Realism in Dickens’ novels

  • The cruel life of poor children in workhouses and orphanages;
  • The injustices of the legal system;
  • The ruthless materialism of the industrial age;
  • The living conditions of the poor people living in urban areas;
  • Varieties of human character;
  • Characters portrayed with irony – caricatures;
  • Objective narrations;
  • The actual speech of individuals belonging to certain social groups is reproduced.

DAVID COPPERFIELD (published 1850)


  • Genre: autobiographical novel (Bildungsroman)


  • Early Victorian England;
  • Yarmouth, Dover, Canterbury, and London.


Main theme: Coming of age, personal development. The novel follows the main character’s life from childhood to marriage and fatherhood. The events and the stages of David’s life prove that the character grows and develops because of these experiences in his life.

Secondary themes:

  • Suffering and poverty;
  • Wealth and class;
  • Family and education.


David Copperfield is a young boy who is orphaned early in his life and has to endure countless hardships to make a life for himself. Resourceful, he manages to go to school and make a living and always finds kind people who are willing to help him. He finds a job, builds a career, and gets married, but is unhappy in the relationship. After his wife dies, he travels abroad and when he returns marries again and starts a family.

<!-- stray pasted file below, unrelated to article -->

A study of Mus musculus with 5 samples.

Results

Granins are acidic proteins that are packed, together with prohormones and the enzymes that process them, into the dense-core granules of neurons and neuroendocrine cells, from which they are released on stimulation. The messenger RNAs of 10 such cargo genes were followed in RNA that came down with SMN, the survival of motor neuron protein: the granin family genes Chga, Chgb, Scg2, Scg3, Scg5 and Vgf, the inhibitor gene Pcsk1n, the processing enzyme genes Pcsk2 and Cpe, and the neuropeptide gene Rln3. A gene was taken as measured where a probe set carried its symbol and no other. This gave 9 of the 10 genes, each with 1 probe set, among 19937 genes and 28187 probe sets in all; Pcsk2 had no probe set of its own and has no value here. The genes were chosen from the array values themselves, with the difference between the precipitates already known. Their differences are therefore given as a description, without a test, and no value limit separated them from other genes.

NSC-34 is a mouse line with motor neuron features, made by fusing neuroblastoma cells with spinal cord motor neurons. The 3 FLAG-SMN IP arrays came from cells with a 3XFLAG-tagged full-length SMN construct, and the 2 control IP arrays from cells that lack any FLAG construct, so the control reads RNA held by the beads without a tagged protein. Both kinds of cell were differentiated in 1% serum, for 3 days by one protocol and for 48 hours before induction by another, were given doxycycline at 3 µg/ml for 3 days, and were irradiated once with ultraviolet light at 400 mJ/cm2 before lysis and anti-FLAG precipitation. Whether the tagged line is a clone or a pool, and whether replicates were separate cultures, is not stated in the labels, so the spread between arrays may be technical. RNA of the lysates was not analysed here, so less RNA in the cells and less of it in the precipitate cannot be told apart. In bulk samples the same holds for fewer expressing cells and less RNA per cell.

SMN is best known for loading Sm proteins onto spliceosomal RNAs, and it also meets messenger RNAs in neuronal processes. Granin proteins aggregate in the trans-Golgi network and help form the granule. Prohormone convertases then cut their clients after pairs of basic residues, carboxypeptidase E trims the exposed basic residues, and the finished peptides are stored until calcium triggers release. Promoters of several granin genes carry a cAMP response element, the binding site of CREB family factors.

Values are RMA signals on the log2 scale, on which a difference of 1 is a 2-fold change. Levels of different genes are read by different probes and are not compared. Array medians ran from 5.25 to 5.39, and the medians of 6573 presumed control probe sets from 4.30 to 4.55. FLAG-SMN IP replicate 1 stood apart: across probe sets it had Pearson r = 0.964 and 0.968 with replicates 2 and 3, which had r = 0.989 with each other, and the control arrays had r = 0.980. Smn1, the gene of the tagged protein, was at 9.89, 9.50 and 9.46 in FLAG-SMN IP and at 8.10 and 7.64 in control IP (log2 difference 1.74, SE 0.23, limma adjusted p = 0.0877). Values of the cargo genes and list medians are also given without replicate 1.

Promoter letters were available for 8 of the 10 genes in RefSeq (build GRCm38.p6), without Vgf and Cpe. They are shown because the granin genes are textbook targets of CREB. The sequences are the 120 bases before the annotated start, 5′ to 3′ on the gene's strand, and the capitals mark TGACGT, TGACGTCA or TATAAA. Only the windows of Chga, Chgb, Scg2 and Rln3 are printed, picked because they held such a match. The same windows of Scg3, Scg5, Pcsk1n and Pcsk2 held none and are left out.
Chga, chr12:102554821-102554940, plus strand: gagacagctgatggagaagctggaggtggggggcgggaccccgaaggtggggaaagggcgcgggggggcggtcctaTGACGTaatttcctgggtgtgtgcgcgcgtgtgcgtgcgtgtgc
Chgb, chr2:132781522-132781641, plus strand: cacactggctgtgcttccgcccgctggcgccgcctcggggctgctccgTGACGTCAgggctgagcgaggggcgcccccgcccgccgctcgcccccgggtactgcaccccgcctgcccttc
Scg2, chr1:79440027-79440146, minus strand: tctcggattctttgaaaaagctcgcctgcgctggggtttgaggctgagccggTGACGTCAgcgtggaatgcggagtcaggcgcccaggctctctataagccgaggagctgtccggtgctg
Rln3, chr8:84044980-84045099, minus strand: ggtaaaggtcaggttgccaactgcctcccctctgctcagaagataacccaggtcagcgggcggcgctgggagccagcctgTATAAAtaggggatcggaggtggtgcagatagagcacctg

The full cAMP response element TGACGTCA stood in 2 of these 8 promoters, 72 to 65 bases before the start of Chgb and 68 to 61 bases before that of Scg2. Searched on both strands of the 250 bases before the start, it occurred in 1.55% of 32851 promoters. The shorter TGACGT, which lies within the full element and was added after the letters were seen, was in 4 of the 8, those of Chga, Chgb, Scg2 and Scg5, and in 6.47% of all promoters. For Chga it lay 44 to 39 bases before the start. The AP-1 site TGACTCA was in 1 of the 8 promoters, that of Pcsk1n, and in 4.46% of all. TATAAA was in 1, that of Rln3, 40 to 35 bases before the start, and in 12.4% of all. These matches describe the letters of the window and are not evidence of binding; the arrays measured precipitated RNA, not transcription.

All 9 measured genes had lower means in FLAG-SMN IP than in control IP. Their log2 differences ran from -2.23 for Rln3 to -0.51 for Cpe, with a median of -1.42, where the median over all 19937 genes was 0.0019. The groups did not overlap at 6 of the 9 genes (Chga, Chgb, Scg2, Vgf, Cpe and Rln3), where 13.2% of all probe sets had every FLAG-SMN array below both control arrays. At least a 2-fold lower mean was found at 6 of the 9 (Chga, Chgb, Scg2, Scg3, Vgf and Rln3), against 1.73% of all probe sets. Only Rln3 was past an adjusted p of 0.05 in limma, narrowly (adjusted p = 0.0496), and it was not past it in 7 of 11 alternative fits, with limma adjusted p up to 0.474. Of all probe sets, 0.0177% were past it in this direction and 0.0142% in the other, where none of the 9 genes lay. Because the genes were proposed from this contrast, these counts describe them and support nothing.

Characters presented in the analysis of the literary fragment should be adapted to the fragment itself.

The characters are depicted realistically, presented with all their faces, grimaces, gestures, and obsessions.

Characterisation techniques:

  • Dialogue
  • Action
  • Physical description (use of the physical traits of the character to convey information about the identity)
  • Grotesque caricatures: exaggerated physical traits that reveal personality traits.


  • David Copperfield – protagonist and narrator of the novel. He is innocent and trusting, even though he suffers abuse as a child. He is sympathetic, but not portrayed as perfect, as he often has chauvinistic attitudes toward the lower classes and sometimes makes foolish decisions.
  • Uriah Heep – the foil character to David Copperfield. He contrasts David’s qualities with his flaws, as he is corrupt, bitter, and vengeful. He also grows up in a cruel environment but is influenced by this in the exact opposite way than David.
  • James Steerforth  – an egotistical, wealthy young man. He uses David to make friends and gain status, but David doesn’t understand that he is taking advantage of him.


  • First-person point of view.
  • A fictional autobiography of David Copperfield. The point of view is limited to this perspective and the reader is allowed to see things from the child’s eyes. The events that are unknown to David also remain unknown to the reader.


  • The narrator is emotionally involved in the story, the tone is melodramatic and emotional.


  • Dense description of setting and characters;
  • Realistic style combined with the narrator’s impressions and judgments;
  • Long descriptive passages allow the narrator to move between description and commentary, which sometimes is so subtle that it seems part of the description;
  • The descriptive passages are vividly presented and paint a picture that unveils in front of the reader’s eyes;
  • The narration is often based on memories of the protagonist.